I have to confess that I have had a lot of difficulties to understand the text. Now, I have a lot of doubts. I expound them here. I guess I have not enough background to follow the discussion; my fault, sorry.
At a certain point Hawthorne asks: wouldn’t it be more charitable to interpret allegedly Bold Gabriel as Timid Gabriel? And he answers: Gabriel’s commitment to Ref. puts considerable pressure on us to interpret him as Bold.
Ref. Sentences of the form ‘That is F’ as uttered by Michael, are true only if Michael refers to something by ‘that’.
My doubt: If we accept that one can elaborate a semantic theory about a foreign language (in the relevant sense of foreign language that is in play here), what are the restrictions in our theorizing? For example, why cannot I use something like Ref* instead of Ref:
Ref*. Sentences of the form ‘That is F’ as uttered by Michael are true only if Michael refers to something-on-Michaels-domain-of-objects by ‘that’.
This way here there would be no reason to interpret allegedly Bold Gabriel as Bold Gabriel and not as Timid Gabriel.
Hawthorne describes his Convention Lover as saying that: when thoughts were conceived of hyperintensionally, neither Gabriel nor Michael could express the thoughts of the other on account of the fact that the quantifiers of each were semantically alien to the other.
This leads to the non-acceptance of Ref 2. by a Convention Lover.
Ref 2. If Gabriel utters a truth by a sentence of the form ‘That is F’ then E(m)x(m) (‘that’ refers to x(m))
Doubt: But even if in general the Convention Lover might say this kind of things I do not see why in the specific case Hawthorne postulates he cannot say that Michael will be able to express the thoughts of the other because Gabriel’s language seems to be just a sublanguage of Michael’s language; a restriction of it.
Hawthorne says that: The Convention Lover will happily speak of the truth and falsity of sentences with superficially more restrictive ontologies. But she will not use the familiar kinds of apparatus to describe how those sentences get to be true; she will not use the concepts of domain, reference, extension, property, and so on in this connection. One normally thinks of the concept of sentential truth as forming part of a family, linked integrally to such concepts as reference, being true of, and so on. Retain the family and one will inevitably favour the Plenitude Lover over the Convention Lover.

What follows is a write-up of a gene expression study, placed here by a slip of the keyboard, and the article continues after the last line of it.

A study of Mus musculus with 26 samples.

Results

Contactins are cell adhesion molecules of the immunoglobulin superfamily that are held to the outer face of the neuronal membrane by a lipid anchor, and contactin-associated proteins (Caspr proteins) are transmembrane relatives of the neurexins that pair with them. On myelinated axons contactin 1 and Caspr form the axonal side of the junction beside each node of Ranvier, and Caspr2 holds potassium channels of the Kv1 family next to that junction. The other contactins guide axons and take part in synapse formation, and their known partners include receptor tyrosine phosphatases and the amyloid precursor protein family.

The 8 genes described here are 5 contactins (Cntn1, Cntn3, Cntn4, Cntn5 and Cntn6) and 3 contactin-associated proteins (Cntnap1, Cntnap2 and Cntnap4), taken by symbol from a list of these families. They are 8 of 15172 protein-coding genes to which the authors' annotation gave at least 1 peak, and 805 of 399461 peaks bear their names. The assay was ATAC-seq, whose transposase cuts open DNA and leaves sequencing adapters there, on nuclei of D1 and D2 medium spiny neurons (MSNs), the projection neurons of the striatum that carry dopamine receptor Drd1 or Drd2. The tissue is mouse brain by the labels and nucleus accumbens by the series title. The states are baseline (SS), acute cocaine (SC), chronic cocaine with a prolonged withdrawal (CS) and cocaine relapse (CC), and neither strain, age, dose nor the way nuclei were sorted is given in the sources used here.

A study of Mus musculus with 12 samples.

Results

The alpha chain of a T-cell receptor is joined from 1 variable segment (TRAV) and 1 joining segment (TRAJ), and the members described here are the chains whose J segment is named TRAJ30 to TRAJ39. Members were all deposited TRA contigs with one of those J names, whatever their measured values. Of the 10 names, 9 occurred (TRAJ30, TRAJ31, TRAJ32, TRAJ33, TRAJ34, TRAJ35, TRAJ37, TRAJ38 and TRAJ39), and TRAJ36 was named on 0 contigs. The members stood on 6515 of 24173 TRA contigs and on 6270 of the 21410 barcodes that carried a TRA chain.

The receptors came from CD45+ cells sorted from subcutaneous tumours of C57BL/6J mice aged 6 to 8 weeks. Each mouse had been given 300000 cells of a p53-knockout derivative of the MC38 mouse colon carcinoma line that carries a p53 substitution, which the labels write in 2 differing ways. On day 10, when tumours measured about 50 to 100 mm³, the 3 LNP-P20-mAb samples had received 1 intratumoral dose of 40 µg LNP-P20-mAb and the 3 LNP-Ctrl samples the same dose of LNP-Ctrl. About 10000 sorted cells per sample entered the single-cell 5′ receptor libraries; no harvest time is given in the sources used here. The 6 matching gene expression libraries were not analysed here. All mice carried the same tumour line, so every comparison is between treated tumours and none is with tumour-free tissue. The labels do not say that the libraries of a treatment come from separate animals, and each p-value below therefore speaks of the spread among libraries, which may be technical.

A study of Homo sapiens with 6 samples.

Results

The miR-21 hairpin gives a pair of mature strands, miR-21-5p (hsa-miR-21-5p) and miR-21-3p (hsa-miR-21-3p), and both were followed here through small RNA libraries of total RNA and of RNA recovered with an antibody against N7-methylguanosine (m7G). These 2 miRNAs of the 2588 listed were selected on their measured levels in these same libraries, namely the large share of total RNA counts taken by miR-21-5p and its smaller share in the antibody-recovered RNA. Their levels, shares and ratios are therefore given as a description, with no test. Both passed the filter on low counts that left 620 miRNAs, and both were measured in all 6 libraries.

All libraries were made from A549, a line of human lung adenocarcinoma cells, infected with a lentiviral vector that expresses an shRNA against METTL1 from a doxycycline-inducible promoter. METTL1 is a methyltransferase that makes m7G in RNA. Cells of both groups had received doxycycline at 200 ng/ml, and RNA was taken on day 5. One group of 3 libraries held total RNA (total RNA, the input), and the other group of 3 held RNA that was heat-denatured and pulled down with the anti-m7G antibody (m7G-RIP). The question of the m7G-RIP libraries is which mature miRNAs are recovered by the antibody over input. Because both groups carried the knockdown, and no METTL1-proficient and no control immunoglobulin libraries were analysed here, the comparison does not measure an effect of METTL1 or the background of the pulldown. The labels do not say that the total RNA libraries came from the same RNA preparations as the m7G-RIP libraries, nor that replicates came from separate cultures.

Doubt: But then, it seems like HaWthorne has chosen the Convention Lover easy to fight with. What are his reasons not to choose a Convention Lover of the kind that defends there is no transcendent truth predicate (he says Quine and Carnap were of that sort.)
Hawthorne says: Suppose we take the Convention Lover is speaking a language in which she is right to say of the central claims of her mereology –formulated in her language- that they are analytic. How would she then be situated vis-à-vis the Plenitude Lover?
And he adds: Let us suppose that the Plenitude Lover is speaking a language in which quantifiers and variables are deployed in such a way that the central tenets of his mereological theorizing are neither analytically true nor analytically false.
Doubt: it is my fault, but I have the following basic doubt: if one is a Plenitude Lover, is there some reason not to claim that the central tenets of mereology are analytic?